Get a Jump on the Big Data Trend

imageI’m a Star Trek fan. One of my favorite characters in Star Trek is the “Computer”.

CAPTAIN KIRK: Computer how many planets in the sector can sustain human life?
COMPUTER: “there are five planets in the sector that can sustain human life.  Three of them are within 3 light years of our current location”

The Star Trek Computer was AMAZING to say the least. You can ask it anything and it will give you the answer — just like that.  These days we aren’t very far away from that kind of interaction with out computers.  Currently, you can speak your question into Google and it will spill out options.  You can search Twitter, LinkedIn, Facebook and a variety of other social media channels to see what people are saying about any topic or brand.

But as of today — that’s all it is — data.  Nothing but huge amounts of data spilling out of the firehose of our computers and mobile devices.  But the trend toward making sense of all that data — that is called BIG DATA.

You’re going to be hearing a lot about Big Data over the next few years as companies look for ways to make it accessible in a way that will help us make better decisions, faster.

In February, Dana Stanley, from Research Access moderate a panel for GreenBookBlog on Big Data along with Romi Mahajan, CMO of Metavana, Leonard Murphy from GreenBookBlog, and Steve Cohen of In4mation Insights.  The goal of the panel was to put Big Data into context and to talk about the issues and trends that we could look forward to around Big Data.

What’s Big Data?

One of the statistics that they brought out in the panel discussion was that 90% of the data that we currently have was created in the last two years!  That is just mind boggling and goes a long way toward explaining the term “Big Data”.  It also speaks to the challenge that businesses will have in accumulating, organizing and most importantly, making sense of it all.

3 Elements of Big Data to Focus on:

The Volume of information.  The sheer amount of data is massive.

The Variety of data.  More than just structured data, big data includes unstructured data like text from social media, audio, video, GPS locator data, etc.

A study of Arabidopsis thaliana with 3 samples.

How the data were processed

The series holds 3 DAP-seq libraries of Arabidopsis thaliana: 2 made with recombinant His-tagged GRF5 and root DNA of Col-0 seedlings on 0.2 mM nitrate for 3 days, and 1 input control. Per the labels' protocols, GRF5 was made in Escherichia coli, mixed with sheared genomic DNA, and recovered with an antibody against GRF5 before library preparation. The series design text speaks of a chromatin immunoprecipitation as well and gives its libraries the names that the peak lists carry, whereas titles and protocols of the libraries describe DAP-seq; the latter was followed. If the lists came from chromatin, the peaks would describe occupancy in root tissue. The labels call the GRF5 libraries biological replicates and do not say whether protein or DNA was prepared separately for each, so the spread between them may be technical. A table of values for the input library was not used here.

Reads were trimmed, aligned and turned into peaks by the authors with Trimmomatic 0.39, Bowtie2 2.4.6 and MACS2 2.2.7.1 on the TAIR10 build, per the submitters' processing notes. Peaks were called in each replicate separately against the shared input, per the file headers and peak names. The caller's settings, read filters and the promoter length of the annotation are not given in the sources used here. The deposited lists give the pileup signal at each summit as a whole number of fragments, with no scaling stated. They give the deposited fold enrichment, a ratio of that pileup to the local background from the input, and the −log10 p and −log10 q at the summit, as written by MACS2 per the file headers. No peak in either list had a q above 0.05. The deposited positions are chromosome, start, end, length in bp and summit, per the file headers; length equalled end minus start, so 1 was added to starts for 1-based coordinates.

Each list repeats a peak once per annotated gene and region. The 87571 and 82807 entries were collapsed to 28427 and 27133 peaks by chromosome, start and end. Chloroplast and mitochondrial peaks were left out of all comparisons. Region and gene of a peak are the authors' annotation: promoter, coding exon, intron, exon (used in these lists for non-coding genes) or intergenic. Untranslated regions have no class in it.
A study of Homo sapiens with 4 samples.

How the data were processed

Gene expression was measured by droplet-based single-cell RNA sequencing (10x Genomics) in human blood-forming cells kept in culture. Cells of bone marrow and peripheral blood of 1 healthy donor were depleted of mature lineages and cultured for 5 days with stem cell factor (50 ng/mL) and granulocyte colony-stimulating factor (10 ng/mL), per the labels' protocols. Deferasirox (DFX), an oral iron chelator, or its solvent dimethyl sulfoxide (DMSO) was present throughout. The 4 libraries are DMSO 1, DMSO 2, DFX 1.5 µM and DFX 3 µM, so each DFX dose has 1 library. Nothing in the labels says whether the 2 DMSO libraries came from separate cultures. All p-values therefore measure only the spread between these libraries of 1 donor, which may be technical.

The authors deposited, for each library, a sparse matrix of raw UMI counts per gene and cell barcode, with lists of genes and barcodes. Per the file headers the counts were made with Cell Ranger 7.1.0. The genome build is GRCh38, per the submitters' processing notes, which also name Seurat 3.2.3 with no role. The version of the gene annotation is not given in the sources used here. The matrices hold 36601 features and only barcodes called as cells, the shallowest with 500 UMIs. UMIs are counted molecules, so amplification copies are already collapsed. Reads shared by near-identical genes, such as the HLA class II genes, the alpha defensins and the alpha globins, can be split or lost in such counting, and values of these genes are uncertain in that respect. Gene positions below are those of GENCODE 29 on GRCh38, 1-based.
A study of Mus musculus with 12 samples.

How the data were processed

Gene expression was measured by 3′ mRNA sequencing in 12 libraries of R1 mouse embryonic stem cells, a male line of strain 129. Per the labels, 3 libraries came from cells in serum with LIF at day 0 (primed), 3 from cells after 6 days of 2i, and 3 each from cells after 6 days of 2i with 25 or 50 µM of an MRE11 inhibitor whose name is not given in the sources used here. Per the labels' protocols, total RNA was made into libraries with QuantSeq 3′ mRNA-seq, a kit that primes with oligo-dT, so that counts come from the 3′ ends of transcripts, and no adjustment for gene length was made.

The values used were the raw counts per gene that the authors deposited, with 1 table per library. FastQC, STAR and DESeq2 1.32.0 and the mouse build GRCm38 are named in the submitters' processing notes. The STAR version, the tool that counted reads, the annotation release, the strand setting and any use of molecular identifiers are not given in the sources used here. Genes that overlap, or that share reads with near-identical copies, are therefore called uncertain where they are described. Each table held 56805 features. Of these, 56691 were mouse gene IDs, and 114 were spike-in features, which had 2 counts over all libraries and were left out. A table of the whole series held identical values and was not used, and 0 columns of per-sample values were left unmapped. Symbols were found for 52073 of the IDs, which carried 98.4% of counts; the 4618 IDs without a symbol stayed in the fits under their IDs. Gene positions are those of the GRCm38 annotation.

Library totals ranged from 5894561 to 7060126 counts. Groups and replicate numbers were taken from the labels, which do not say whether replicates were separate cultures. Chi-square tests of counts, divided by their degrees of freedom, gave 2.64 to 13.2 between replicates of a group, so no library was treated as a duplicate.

The Velocity of data.  The speed at which data can be accessed and analyzed is exploding.

The Evolutionary Opportunity for Market Research Professionals

Over the last few years, there’s been a lot of discussion and complaining about DIY Market research.  But the other side of the evolutionary coin is that whenever one technology displaces another, new opportunities are opened up.  Big Data is the key to some of those opportunities.

While anyone can create and collect market research and feedback using DIY research tools like QuestionPro, making sense of it all is a task reserved for people with a very specific skill set; one that includes the analytical and technical skills to “hack” or dig into the data, and the other, more right brained skill to spot patterns and gather insights from new and innovative ways of looking at the data.

Examples of Big Data

You’ve already had interactions with big data — it currently lives in the form of Infographics.  A really good infographic isn’t easy to create.  It involves gathering both primary and secodary data, digging into the meaning and context of the information and then organizing it in a way that is quickly and easily digestible by a larger audience.

In the movie Moneyball,  Bill James used big data to analyze the performance of baseball players and used that information to assemble a team of “low cost” players that achieved excellent results.

CardioDX a small, Palo Alto, Calif.-based company that performs genomic research. One of their major initiatives over the past several years was developing a predictive test that could identify coronary artery disease in its most nascent stages. To do so, researchers at the company analyzed over 100 million gene samples to ultimately identify the 23 primary predictive genes for coronary artery disease.

Embracing Big Data

As you can see, Big Data isn’t anything to be afraid of, rather, we should look at the entire phenomenon from the perspective of curiosity and wonder.